If you think our attitude to alcohol in the UK is ambivalent, you need look no further than across the Channel to see that the French have got their culottes in an even more serious twist. A Parisian court recently found that an editorial piece in Le Parisien newspaper entitled "The Triumph of Champagne" should be considered as advertising. As a result, the judge found, newspaper articles on wine should be subject to the same health and safety guidelines as alcohol advertising and display health warnings. According to the National Association for the Prevention of Alcoholism and Addiction (Anpaa), which was awarded €5,000 (£3,750) in damages, "any communication in favour of an alcoholic drink, such as the series of articles in favour of Champagne, constitutes advertising and is therefore subject to the public health code".

France's alcohol policy is a consequence of the draconian Évin Law dating from 1991 formulated by one Claude Évin (whose name sounds like a translation of "and wine"). In place of self-regulation and voluntary codes of practice, alcohol advertising is strictly controlled by law. Along with a ban on alcohol advertising on TV and sports sponsorship, ads for alcoholic drinks must include a health message to the effect that misuse of alcohol is a health risk. The latest manifestation of the policy is that all wines' labels are required to depict a pregnant woman with a red slash across her bulge. Ironically, this picture is forbidden in the United States.

The advertising row has been further fuelled by the leaking of a report to the French newspaper, Libération, showing that the French Government plans to reduce alcohol consumption in France, currently 55 litres per head, by 20 per cent before 2009. The report suggests that wine consumption in France would drop by 50 per cent by then if the anti-alcohol advertising legislation continues to be strictly enforced. This has proved embarrassing for a government that had just assured wine producers that it would be softening its tough approach on generic advertising. Nicolas Sarkozy himself is an embarrassment to the French wine industry in that wine doesn't pass his lips at all. Yet it seems that he may actually be sympathetic to the view that personal responsibility counts for more in a democratic country than an interfering nanny state.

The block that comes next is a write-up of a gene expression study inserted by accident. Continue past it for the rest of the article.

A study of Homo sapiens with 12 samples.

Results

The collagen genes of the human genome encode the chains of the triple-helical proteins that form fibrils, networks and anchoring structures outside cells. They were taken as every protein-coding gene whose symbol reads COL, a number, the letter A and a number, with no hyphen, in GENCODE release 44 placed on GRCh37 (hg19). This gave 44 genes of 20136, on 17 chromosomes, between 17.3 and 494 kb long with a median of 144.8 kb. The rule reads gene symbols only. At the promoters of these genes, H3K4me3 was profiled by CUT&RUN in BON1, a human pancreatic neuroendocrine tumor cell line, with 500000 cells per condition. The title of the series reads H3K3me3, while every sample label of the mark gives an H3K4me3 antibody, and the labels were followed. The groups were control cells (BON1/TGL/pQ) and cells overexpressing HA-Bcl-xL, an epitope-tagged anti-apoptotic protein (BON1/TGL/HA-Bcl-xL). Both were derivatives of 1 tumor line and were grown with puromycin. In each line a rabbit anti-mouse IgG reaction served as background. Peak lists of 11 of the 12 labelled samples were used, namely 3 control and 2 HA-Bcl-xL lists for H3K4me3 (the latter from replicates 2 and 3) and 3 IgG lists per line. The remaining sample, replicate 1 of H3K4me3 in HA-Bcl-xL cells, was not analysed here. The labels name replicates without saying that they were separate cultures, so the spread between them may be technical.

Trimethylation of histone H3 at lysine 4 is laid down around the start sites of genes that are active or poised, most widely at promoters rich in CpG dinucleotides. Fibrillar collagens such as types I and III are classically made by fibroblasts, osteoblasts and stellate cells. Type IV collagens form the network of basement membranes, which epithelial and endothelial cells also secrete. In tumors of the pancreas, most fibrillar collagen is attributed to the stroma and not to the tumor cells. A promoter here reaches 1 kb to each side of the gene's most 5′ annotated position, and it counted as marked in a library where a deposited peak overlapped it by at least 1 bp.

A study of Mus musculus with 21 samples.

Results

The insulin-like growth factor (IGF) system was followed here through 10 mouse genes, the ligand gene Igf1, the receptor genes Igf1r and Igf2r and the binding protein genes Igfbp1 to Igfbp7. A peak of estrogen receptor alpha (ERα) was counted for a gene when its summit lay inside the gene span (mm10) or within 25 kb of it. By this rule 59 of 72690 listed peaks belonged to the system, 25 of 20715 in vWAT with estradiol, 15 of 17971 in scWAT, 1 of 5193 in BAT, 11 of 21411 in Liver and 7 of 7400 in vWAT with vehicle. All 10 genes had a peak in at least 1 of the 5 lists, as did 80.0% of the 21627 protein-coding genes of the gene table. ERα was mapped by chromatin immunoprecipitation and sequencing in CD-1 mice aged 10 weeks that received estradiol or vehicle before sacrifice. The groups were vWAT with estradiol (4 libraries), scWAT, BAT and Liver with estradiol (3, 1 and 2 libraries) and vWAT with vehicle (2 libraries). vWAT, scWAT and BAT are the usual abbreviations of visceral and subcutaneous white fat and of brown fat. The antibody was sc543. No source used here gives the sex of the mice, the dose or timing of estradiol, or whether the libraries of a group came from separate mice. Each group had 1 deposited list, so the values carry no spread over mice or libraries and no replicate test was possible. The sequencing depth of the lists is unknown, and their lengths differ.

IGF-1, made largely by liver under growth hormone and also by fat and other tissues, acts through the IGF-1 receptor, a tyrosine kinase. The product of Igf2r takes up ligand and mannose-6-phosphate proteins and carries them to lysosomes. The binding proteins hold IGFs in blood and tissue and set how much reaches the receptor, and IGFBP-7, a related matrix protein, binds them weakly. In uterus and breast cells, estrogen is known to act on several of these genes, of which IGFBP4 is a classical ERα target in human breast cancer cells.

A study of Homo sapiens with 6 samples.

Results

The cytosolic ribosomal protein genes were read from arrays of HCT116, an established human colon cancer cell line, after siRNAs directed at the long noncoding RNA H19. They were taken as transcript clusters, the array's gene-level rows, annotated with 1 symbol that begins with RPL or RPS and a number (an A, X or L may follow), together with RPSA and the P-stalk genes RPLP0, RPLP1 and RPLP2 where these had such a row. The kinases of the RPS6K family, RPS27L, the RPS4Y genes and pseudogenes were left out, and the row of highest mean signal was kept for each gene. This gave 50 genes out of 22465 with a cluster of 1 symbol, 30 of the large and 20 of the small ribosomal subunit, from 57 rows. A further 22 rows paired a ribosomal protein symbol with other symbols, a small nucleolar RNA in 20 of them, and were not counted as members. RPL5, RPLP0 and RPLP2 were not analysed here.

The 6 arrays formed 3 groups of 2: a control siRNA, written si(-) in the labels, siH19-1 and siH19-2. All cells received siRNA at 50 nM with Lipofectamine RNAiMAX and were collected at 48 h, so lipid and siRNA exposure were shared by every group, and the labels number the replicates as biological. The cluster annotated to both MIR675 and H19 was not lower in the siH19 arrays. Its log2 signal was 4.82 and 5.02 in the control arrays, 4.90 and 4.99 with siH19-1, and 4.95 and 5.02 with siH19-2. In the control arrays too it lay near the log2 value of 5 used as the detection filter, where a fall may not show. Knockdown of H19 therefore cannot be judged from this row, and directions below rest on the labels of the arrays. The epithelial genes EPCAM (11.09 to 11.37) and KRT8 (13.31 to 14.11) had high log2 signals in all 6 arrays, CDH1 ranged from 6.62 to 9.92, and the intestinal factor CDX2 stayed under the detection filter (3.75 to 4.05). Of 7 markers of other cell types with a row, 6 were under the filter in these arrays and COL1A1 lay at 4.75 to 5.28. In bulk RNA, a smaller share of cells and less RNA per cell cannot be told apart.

It's not the first time the French authorities have clamped down on editorial independence. A few years back, a court in Beaujolais fined a wine magazine, Lyon Mag, for describing Beaujolais as a vin de merde (crap wine). Luckily for the critic, and freedom of expression, the decision was overturned on appeal. It does seem odd that myopia and sanctimony should coexist in a nation synonymous with the production and consumption of many of the great wines of the world. It's as much a conundrum as the French paradox itself: the relatively low rate of coronary heart disease in relation to the volumes of fat consumed. At least one Frenchman sees the funny side of the state's public health neurosis. Witness the Métro poster warning "L'alcool tue lentement" (alcohol kills slowly) overwritten with the graffiti, "Je ne suis pas pressé" (Not to worry, I'm in no great hurry).

Christmas Wine Quiz:

My thanks to the many hundreds of readers who entered our fiendish Wine & Drinks Quiz (29 December) and congratulations to the lucky winner, Mags Moyes, of Fife, who wins a six-bottle case of Bollinger Special Cuvée Champagne, and the runner-up, Mr M Lightfoot, from Essex, who wins a 'Century of Port' from Taylor's. The answers were: baa bac cbb ccb abc cac bc.